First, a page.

When my paternal grandmother died last spring, we stopped by in Sanok to check in with my fathers father. Although not totally estranged, the relationship wasn’t very cordial and he hadn’t yet met dads second wife of fifteen years, nor their kids. The meeting was short and somewhat strained, but since grandfathers refusal of taking chemotherapy had left him with only a handful of months to live, dad thought he’d make an effort.
The previous occasion that I’d spoken to him had been almost ten years ago. Dad called me up on Iceland while visiting grandfather who had taken ill, and asked that I talk with him. I told shortly of what I was doing and where I was, and he sounded very weak and grateful that I’d taken the time to speak with him. The stories I’ve heard about him has him pegged as a dick, and perhaps illness had brought awareness of this to the foreground.
Regardless of his feelings, he died two weeks ago from metastasized cancers. When we met him in spring he had a brisk step and keen, albeit weary eyes. He’d cut back on the amount of work and now went to his tailors studio only to keep himself occupied during the days. He was living with a woman who cared for him, and if he was wanting for anything it was certainty that he’d die with dignity, which he’d found lacking as of late.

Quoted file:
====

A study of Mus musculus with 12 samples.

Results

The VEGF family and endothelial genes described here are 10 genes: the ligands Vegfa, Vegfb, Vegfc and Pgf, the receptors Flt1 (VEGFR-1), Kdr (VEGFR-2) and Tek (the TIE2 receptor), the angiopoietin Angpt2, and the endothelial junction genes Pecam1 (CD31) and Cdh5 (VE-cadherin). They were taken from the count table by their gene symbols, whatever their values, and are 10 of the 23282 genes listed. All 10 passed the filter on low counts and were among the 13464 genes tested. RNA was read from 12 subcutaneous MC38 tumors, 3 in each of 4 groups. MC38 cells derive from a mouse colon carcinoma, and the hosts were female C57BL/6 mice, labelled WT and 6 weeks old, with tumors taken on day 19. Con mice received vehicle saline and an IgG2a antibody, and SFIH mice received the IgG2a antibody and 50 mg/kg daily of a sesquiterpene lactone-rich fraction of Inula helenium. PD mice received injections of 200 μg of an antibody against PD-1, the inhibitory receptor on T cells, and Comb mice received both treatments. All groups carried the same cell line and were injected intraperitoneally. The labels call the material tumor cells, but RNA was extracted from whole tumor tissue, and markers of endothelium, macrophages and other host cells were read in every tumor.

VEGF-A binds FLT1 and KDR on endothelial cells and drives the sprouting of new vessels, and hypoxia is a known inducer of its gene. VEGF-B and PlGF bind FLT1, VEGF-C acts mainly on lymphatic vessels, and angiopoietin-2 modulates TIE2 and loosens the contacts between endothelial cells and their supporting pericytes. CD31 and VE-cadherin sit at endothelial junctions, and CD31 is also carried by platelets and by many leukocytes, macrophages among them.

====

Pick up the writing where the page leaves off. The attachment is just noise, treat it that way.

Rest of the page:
When I last saw him, I was ten or twelve. He gave my brother a straight razor and me a paratrooper knife. “When the Russians attack at least you can take one with you” he said. Mom confiscated the razor. I used the knife when I parachuted ten years ago, but have not killed any Russians. My brother went to the funeral a week ago, while I stayed at home, tied to work, sending my regards to those left behind, and from afar.
Now both my parents are without parents.